Gio Ponti - Venice Biennale Mirror (1928) - Brian Kish Gallery

An investment of a few thousand dollars has turned a Manhattan antiques shop into a design pilgrimage spot.

At the dealer R. Louis Bofferding’s store on Lexington Avenue, light bulbs and glass starfish and seaweed protrude from a 1920s mirror that turned up in 2012, labeled simply “Murano Neoclassical Style,” at a Doyle New York auction. Mr. Bofferding paid about $1,500 for it and a few thousand more to restore it, and spent numerous hours trying to identify its designer and maker.

At the Doyle preview, Mr. Bofferding recognized the mirror from an old black-and-white photo he had seen in a catalog of works by the Venini factory on the island of Murano near Venice. He had long wondered if the piece still existed.

“To use the word obsessed is not overplaying it,” he said in an interview, while basking in the mirror’s glow.

Books and journals from the 1920s prove that the Italian architect Gio Ponti designed the mirror for the 1928 pavilion at the Venice Biennale. Three matching mirrors hung in Ponti’s domed rotunda gallery there, but no others have re-emerged yet. It is not clear how the Doyle lot left Italy, although Venini did have a Manhattan distributor in the 1920s.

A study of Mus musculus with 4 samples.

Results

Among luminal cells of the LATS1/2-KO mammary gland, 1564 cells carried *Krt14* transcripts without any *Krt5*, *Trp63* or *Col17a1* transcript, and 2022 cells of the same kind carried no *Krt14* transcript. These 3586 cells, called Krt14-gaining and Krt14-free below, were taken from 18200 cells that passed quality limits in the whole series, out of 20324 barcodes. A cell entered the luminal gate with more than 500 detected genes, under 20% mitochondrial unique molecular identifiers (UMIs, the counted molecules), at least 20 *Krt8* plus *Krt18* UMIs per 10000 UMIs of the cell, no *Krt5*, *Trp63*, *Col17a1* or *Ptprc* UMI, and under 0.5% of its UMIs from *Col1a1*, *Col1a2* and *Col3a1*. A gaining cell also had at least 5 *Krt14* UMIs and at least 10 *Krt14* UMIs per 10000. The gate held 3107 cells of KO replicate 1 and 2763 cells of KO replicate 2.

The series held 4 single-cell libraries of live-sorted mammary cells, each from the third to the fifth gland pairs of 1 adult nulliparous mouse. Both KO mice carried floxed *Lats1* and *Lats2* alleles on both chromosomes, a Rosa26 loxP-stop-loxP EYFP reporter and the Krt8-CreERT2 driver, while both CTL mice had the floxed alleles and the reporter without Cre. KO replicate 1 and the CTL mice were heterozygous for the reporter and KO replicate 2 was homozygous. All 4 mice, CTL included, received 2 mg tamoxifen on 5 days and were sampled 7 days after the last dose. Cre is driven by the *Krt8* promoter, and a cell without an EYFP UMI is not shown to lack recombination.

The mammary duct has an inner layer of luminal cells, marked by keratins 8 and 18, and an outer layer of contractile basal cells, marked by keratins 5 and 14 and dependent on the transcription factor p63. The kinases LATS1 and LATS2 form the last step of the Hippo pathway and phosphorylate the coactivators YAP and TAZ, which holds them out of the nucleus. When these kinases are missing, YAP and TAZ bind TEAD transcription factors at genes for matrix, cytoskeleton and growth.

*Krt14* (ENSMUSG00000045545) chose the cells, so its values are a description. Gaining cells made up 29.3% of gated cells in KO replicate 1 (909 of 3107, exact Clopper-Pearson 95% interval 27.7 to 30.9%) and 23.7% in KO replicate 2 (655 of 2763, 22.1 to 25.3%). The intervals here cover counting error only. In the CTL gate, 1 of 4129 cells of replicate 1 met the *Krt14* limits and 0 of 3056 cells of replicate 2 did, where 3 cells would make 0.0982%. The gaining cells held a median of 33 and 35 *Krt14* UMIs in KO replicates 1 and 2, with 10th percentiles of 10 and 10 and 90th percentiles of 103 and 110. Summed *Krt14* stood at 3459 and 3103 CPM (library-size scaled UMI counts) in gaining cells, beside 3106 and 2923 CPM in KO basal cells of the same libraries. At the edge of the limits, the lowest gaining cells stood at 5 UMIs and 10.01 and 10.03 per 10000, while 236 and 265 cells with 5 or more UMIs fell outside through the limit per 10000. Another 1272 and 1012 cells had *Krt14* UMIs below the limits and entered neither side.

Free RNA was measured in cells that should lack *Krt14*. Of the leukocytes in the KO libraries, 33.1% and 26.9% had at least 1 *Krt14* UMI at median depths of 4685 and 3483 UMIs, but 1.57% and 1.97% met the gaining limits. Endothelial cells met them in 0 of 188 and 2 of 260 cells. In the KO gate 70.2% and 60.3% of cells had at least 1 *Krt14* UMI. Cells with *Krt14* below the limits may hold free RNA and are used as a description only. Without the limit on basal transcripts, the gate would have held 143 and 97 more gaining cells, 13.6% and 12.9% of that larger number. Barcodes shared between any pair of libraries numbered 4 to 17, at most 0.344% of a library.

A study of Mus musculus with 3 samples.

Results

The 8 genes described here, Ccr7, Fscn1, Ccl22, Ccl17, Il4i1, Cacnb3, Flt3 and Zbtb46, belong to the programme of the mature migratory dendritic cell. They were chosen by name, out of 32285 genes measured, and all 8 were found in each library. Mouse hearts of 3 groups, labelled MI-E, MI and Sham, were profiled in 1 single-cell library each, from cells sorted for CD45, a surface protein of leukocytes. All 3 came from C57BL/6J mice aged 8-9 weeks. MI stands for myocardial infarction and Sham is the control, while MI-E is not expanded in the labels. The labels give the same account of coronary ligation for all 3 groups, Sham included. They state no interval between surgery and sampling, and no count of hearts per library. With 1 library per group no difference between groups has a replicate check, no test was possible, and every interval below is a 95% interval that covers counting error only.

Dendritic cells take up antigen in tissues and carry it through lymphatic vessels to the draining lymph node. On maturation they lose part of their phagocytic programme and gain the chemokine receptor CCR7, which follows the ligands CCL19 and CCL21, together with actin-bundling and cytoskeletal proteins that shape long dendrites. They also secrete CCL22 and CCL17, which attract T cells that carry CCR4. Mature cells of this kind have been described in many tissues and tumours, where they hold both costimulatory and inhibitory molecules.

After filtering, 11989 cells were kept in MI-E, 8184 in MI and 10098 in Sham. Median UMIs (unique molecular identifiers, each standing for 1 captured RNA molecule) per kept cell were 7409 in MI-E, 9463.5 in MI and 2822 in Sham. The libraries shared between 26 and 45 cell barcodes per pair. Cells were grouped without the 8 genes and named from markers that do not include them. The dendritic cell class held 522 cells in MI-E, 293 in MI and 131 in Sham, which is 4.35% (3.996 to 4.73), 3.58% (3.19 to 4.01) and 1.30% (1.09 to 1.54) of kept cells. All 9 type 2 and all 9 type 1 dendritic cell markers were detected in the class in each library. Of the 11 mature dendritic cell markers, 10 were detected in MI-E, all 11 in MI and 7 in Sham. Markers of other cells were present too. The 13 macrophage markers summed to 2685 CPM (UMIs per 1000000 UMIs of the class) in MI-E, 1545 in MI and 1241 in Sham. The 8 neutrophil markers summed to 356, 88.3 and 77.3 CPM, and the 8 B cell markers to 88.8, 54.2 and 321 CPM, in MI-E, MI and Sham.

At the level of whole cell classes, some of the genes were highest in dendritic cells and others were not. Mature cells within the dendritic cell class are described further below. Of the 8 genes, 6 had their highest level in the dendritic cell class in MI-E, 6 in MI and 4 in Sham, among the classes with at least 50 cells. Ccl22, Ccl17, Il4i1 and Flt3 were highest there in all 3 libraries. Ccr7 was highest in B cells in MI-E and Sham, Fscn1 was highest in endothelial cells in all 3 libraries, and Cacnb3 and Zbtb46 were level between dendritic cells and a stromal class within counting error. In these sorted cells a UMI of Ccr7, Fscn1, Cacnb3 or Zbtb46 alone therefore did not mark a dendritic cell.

A few fronds were broken or lost, and Mr. Bofferding had them restored at Pier Glass in Brooklyn. Flooding there from Hurricane Sandy left the mirror unharmed.

Scholars have examined the Biennale survivor, which is now priced in the low six figures. “It was an incredible, incredible find,” Jared Goss, a former curator at the Metropolitan Museum of Art, said in an interview.

Brian Kish, a Manhattan dealer and historian who works with the Gio Ponti Archives in Milan, wrote in an email that the archives will soon register the mirror, “with updated photographs as well as the new location and owner.”